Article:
Girl Scouts of Western New York is proud to announce Ariana Cookinham of Webster, NY, as a 2022 Gold Award Girl Scout. Ariana is a member of Troop 60834.
What Ariana said about Girl Scouts
Girl Scouts has given me many experiences that I probably wouldn’t have experienced otherwise. I’ve tried many activities through Girl Scouts such as horseback riding and archery, which have helped me discover what I enjoy. I’ve also learned new skills like building fires and using knives. Learning these skills has helped me build my confidence.
Project: After School: Recipe Books for Comfort Care
I worked with Webster Comfort Care, a Hospice, to create a recipe book that they could use to build awareness or raise funds. Comfort Care lost the people in charge of making their cookie jar mixes that they sell to fund their organization. They needed a new product that they can use to stay running.
I collected recipes from volunteers at Comfort Care, members of my church, and family friends. I also asked them to include an inspiring message or memory. The recipe book will replace the jars they previously sold. I then organized these into a book and published it. I then gave it to Comfort Care so they could use it however would be most useful to them.
About the Girl Scout Gold Award
The Gold Award project is the culmination of all the work a girl puts into “going for the Gold.” A Girl Scout’s project should be something that a girl can be passionate about—in thought, deed, and action that encompasses organizational, leadership, and networking skills. The project should also fulfill a need within a girl’s community (whether local or global) and create change that has the potential to be on-going or sustainable. Approximately 80 hours of community service are involved in the project. Completion of the Gold Award also qualifies the Girl Scout for special scholarship opportunities and she can enlist in the military at a higher starting pay grade.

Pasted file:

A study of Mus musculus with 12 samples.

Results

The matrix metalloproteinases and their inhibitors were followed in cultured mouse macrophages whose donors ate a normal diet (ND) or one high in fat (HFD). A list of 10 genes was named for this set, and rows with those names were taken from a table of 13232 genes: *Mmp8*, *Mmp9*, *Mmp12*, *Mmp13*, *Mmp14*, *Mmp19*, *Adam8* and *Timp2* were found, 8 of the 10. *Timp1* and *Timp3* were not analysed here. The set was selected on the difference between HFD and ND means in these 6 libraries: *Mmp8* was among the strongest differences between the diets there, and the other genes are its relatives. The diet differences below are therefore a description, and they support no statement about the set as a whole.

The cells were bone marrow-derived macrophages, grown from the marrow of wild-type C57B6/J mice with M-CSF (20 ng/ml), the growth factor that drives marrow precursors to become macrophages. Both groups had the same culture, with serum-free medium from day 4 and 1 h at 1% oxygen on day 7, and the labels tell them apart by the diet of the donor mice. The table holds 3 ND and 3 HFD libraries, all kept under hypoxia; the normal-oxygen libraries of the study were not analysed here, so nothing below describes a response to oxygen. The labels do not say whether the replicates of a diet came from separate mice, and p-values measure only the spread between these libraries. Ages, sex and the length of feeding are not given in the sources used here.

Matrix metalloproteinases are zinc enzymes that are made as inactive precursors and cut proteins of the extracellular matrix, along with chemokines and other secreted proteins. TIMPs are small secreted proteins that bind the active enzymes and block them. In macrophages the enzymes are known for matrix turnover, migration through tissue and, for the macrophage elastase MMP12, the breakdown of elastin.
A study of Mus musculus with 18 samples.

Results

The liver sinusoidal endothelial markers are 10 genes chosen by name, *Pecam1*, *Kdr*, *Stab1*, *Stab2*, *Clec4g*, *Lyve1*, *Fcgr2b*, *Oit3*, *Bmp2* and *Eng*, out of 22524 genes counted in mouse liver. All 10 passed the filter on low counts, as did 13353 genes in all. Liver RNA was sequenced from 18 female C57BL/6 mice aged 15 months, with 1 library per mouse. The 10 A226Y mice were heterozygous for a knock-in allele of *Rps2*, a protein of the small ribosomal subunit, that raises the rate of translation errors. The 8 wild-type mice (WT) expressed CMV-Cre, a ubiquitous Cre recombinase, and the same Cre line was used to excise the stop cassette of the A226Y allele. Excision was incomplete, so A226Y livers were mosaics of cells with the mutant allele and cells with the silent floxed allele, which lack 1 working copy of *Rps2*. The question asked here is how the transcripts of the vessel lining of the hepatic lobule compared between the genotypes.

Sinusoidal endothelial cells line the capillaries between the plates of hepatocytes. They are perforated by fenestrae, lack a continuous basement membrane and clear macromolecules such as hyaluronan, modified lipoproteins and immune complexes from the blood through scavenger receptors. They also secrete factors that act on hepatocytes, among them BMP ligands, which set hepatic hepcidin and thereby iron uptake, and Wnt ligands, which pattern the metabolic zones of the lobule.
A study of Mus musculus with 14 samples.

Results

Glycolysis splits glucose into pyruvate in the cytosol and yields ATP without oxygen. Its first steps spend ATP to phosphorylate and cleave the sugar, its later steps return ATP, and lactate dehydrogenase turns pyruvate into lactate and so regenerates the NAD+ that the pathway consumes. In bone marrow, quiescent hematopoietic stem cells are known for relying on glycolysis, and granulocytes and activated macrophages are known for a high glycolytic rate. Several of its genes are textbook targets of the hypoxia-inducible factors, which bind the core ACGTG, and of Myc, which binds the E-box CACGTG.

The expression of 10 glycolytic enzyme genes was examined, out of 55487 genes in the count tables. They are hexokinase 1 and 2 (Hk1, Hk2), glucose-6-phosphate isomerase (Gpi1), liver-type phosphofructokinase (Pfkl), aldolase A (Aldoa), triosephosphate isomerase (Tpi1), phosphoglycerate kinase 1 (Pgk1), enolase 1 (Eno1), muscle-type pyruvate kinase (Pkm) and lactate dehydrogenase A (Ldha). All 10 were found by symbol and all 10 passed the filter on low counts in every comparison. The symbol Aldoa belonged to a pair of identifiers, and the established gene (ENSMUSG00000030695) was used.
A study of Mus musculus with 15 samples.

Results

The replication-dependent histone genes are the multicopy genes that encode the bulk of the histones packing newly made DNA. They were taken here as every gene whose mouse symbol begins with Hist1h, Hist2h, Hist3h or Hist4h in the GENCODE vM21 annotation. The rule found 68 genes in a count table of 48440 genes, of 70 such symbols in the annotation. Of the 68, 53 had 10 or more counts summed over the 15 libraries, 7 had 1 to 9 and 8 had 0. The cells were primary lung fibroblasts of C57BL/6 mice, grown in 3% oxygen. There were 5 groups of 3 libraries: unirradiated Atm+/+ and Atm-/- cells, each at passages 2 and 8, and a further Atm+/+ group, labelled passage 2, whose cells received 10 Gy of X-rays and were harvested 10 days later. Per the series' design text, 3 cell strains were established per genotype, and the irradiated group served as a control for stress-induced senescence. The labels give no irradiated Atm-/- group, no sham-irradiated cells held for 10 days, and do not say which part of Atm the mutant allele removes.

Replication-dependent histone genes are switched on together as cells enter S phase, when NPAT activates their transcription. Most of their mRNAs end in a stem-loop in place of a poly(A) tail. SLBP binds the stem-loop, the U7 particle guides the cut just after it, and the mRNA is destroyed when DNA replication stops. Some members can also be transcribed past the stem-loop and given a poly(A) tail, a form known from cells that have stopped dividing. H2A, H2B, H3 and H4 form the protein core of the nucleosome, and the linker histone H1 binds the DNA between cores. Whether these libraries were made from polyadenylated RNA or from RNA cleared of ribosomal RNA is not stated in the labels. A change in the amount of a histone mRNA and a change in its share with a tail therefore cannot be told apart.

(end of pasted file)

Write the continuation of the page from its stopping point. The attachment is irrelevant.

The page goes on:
The Girl Scout Gold Award, the most prestigious award in the world for girls, acknowledges the power behind each recipient’s dedication to not only empowering and bettering herself, but also to making the world a better place for others. These young women are courageous leaders and visionary change makers.
The Gold Award requires a Girl Scout to identify an issue and investigate it to understand what can be done to address the problem. The girl then forms a team to act as a support system, including a project advisor close to the issue who is not a troop leader or family member, while she leads the project. The Girl Scout creates a plan to ensure they know what steps they must tackle while working on the project. The Girl Scout submits a proposal for her project to her local Girl Scout council. After acceptance, the girl begins to work through the steps of their plan utilizing the assistance of her support team where necessary. Lastly, the project is used to educate and inspire others about the cause they are addressing.
For more information on the Gold Award, click here.